According to an article in the MetroWest Daily News, a Framingham man allegedly assaulted his daughter last week. The article alleges that the defendant was drinking and physically attacked the daughter, including putting her in a headlock at one point. The daughter then reportedly struck the defendant with a knife in both legs. The defendant was ultimately charged with domestic assault and battery.
Although the daughter was not arrested and the article indicates that she was “acting in self-defense,” she could still be criminally charged for cutting her father. Specifically, the fact that she may have been acting in self-defense and could therefore raise that issue as a defense at trial does not mean that the she could not be criminally charged and potentially prosecuted for her conduct. In light of the fact that she could potentially face criminal charges, she may decline to testify and choose to exercise her Fifth Amendment privilege, which states that a person cannot be compelled to testify if her testimony is potentially incriminating and/or could result in criminal prosecution. The privilege is not limited to circumstances in which the Commonwealth has specifically sought charges or indicated that it intends to do so – a person can assert her Fifth Amendment privilege as long as she could face criminal charges, regardless of whether she actually will.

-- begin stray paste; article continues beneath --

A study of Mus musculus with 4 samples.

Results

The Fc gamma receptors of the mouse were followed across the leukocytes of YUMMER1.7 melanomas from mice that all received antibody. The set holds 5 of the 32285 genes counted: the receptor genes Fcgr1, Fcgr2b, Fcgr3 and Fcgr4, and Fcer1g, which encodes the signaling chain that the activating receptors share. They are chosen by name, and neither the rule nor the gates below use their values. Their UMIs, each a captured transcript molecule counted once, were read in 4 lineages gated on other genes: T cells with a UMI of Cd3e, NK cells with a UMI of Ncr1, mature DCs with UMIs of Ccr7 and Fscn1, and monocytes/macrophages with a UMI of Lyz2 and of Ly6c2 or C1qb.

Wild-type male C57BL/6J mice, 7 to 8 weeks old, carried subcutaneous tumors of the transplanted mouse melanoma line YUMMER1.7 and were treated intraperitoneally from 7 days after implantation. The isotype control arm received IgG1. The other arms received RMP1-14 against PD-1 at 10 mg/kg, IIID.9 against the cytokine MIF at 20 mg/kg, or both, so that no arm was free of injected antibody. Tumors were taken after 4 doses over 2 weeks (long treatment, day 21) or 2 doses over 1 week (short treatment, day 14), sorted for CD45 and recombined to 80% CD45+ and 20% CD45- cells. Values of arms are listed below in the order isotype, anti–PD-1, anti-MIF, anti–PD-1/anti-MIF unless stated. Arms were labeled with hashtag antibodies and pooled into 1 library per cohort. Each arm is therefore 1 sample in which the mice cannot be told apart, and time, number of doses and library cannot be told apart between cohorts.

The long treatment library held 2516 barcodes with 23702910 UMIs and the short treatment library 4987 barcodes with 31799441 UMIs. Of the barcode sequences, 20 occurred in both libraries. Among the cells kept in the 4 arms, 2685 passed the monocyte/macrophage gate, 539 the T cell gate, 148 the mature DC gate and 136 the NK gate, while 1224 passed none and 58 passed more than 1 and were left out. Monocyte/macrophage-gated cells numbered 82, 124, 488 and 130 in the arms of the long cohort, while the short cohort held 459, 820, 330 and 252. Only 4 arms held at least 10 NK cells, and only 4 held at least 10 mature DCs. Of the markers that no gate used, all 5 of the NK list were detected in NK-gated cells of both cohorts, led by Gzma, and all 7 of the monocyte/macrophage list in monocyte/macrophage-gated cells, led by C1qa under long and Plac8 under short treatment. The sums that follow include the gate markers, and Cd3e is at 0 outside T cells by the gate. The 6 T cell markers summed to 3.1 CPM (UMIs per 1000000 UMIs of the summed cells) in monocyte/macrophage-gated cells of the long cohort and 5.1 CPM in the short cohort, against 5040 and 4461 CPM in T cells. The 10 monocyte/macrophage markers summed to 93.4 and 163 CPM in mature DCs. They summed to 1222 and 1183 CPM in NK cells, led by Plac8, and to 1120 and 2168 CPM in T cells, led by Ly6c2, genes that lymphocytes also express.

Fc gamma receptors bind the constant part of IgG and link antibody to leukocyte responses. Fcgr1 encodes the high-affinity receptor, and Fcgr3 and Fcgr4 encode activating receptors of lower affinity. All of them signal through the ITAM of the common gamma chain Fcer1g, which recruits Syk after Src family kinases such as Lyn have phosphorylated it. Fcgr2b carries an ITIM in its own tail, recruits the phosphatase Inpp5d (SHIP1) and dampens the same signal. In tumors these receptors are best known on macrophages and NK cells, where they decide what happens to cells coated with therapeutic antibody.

The defendant’s daughter may be further inclined to exercise her Fifth Amendment privilege because there appears to be a question as to the strength of a self-defense claim under these circumstances. Under Massachusetts law, a person has the right to use self-defense under the following circumstances: first, if she reasonably believed she was being attacked or immediately about to be attacked, and that her physical safety was at immediate risk; second, if she used no more force than was reasonably necessary in the circumstances to defend herself; and third, if she has done that which was reasonably necessary in the circumstances to avoid physical combat before resorting to force.
In this case, there appears to be a serious question as to whether the daughter’s conduct meets the second requirement: that she used no more force than reasonably necessary. Based on the information in the article, the defendant does not appear to have had any sort of weapon himself. Additionally, there is no indication that he was choking his daughter. Therefore, there does seem to be room for argument about whether pulling out a knife and slicing the defendant constituted “reasonable” force.
If the daughter chooses not to testify, it is unlikely that the Commonwealth will be able to prove the case against the defendant, as she appears to be the only witness, and there is no indication that she suffered any visible injuries.
If you or a loved one has gotten into a struggle with a family member that resulted in criminal charges, you will need an attorney who has experience dealing with domestic cases, and who is sensitive to issues that arise within the family as a result. Attorney Daniel Cappetta has handled numerous domestic cases and is well versed in both the law, and the various defenses that can be asserted. Call him today for a free consultation.